30 April 2010

Ghosts, Mistresses, Speakeasies

No. 12 Gay Street needs a little work. The beautiful old Federal-style house has wood over some of its broken windows and, according to red sign on the door, no interior floors!

Perhaps its distressed state is do to the wild life it's led. In the 1920s, adulterous Mayoral sex was had here. Mayor "Gentleman" Jimmy Walker placed his very public actress mistress Betty Compton in this house. He lived at nearby No. 6 St. Luke's Place. "Honey," said Jimmy to his wife, "I'm going to take the dog for a walk." One hour later...

I wonder if the prominent lantern on the outside of the building was Walker's cheeky way of showing this was an unofficial Mayoral residence. In those days, Mayors' home were adorned with two lanterns (as Walker's St. Luke's Place home still is). 

This metal arch in the street-level gate made me wonder if the address' basement level was ever a place a business. Possible. Some accounts say that, during Prohibition, 12 Gay Street house a speakeasy called Pirate's Den. Often speakeasies cropped up exactly where bars used to be.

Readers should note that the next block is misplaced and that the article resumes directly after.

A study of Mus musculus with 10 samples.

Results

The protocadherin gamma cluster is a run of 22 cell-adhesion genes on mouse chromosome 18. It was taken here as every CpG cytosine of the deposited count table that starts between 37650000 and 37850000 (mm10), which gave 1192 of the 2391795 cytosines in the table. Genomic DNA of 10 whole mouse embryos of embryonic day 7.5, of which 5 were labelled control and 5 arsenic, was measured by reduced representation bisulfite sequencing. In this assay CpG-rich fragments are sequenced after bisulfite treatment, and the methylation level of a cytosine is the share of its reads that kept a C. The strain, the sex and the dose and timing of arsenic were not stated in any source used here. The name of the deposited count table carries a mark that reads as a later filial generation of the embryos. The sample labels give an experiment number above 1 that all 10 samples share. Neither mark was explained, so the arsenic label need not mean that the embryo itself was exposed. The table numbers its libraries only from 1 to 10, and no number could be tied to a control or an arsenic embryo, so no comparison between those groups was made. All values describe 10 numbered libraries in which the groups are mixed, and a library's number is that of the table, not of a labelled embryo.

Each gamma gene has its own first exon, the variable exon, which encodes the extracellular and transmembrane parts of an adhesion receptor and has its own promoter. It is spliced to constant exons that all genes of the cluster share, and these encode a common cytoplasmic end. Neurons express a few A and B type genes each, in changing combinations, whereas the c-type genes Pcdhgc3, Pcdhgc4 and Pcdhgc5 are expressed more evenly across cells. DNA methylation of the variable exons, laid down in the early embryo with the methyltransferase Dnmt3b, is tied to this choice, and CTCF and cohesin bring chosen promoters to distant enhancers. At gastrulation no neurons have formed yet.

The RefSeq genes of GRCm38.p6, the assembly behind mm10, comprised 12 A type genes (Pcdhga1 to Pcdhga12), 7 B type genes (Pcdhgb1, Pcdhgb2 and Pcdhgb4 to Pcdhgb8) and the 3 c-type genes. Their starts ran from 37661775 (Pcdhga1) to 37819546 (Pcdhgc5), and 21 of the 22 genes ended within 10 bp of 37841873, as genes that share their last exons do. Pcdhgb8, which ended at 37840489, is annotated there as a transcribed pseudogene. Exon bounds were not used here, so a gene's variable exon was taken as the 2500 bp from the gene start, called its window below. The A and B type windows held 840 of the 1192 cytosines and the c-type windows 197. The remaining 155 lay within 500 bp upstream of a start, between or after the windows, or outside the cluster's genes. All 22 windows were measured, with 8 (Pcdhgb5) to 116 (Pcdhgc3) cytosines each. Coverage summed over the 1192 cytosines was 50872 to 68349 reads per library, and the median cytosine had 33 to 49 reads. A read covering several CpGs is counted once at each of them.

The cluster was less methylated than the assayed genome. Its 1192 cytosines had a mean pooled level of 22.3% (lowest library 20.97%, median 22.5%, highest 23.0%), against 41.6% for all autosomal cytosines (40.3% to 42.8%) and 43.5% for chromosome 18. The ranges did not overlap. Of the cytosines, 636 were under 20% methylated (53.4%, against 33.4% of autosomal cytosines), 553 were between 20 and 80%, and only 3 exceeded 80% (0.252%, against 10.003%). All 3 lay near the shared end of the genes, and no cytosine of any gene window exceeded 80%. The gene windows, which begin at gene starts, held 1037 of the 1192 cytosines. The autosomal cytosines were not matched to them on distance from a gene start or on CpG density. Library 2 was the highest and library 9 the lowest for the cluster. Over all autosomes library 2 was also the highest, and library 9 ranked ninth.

More weirdness followed when Frank Paris, the puppeteer who created Howdy Doody, lived here. Paris saw a ghost. Actually three, including a man wearing a black cape, vest and top hat. Sounds like Jack the Ripper to me.  

The DOB issued a stop work order on the property on Sept. 15, 2009, when the facade was seen to crack during some permit-free construction work. The work was also causing surrounding buildings to shake. As we say in preservation circles: Not good.


mingusal said...

Isn't this right next door to the also ill-starred My Sister Eileen/Wonderful Town house?

Brooks of Sheffield said...

It is indeed, my friend. Gay Street is jam-packed with history. The legendary lawyer William Kunstler lived across the street. Mary McCarthy lived on the corner.